Let me be clear that we’re not talking about an app you make with Game Salad or some other kit where you are basically shooting things and dropping things. First of all, it needed to align with state standards – that is, the specific skills and concepts that students are supposed to know at a particular grade. Second, we needed to save the data so that we knew how kids were doing, could track that and report back to their teachers and school administration. Third, it had to be fun to play. Fourth, it had to provide instruction to students, so that if they gave the wrong answers, they were routed to APPROPRIATE instruction. Fifth, since the schools were on American Indian reservations, the game had to include the students’ language and culture – which meant things like embedded sound files, accurate renditions of Native American legends and history.
All of those five parts were important.
In August, we did a demo of a really rough draft of our game. The beta version was installed in October and had improved so much that our site coordinator on the reservation said,
“Wow! This is great! Now when I tell people how good our game is, I won’t be lying.”
“No, I’m just kidding. I knew you could do it.”
Version 1.1 shipped out on Thursday. I have made massive progress on the version 2.0 which will be available by the end of November. After all of these days working from 10 a.m. to 2 a.m., I think I should have some profound advice. I will offer this – don’t give up. If you find that “everybody is learning to code with Codecademy” and it just is not doing it for you, the pace is too slow, you don’t give a rat’s ass about making a taxi fare calculator, whatever – then do it a different way. Just about every day, I have to FORCE myself to get up from the computer and go buy groceries, get some exercise, change the guinea pigs’ cage.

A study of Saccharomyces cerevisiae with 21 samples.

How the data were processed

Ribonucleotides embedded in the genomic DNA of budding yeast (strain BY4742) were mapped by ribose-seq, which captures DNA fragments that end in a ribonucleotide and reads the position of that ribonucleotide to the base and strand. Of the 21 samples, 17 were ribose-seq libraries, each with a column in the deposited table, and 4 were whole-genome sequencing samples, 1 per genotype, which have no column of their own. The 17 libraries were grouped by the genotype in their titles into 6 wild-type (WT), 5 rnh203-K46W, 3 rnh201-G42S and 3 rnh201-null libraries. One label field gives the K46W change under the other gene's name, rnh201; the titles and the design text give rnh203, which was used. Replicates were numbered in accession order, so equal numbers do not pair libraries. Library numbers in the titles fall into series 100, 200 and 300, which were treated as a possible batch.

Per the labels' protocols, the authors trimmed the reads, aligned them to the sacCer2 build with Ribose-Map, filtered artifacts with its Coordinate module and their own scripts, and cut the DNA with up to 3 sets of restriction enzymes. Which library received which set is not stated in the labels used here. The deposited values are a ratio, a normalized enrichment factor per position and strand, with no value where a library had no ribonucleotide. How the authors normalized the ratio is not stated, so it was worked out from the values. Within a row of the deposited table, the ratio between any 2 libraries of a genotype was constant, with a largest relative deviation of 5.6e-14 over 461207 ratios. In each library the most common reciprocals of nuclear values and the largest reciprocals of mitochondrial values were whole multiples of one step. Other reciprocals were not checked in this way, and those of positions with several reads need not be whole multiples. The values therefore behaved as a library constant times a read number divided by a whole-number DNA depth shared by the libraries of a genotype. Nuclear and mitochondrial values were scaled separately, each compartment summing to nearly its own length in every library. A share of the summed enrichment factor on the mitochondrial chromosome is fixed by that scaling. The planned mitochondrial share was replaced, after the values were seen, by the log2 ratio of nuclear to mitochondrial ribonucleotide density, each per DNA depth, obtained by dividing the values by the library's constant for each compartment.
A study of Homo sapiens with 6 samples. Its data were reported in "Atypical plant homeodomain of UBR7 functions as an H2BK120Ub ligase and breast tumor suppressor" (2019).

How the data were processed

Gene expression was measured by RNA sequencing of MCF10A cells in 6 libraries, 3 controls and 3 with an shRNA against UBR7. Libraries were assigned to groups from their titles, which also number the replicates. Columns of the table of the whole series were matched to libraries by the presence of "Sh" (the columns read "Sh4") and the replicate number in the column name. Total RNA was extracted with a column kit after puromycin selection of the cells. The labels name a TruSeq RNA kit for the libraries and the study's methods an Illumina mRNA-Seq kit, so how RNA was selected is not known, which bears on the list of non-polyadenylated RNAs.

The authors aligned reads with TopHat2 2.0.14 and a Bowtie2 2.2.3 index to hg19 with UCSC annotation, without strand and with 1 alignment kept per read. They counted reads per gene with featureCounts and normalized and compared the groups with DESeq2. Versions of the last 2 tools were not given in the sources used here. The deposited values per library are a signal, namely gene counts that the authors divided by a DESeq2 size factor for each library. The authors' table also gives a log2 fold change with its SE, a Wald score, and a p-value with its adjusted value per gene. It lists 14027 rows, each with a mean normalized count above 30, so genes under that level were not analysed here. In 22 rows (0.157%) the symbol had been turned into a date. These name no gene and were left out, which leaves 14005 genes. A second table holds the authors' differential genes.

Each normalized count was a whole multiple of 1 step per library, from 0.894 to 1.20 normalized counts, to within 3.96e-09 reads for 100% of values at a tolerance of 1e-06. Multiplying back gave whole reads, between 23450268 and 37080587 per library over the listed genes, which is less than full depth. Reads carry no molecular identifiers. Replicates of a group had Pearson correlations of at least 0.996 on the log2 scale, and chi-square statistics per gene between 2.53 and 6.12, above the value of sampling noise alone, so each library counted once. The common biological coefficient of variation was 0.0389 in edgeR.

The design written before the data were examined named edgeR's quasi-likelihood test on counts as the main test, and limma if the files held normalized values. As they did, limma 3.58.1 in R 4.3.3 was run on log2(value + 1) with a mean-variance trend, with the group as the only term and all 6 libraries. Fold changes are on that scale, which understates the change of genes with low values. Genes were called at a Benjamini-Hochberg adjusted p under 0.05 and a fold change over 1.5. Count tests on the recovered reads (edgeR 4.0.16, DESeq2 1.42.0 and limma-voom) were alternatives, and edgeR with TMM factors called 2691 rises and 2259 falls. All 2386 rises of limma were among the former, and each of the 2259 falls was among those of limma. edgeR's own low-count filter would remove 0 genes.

I have five meetings scheduled in the next two weeks, two proposals for development funds due in the next four months and a Kickstarter video to finish. My fondest wish is for someone else to take it all over so I can code. Realistically, some of it I cannot delegate to anyone else, and we do have the right person coming on in two months to pick up some of the slack.
So, how has my year of code come out? Pretty phenomenal, I’d say.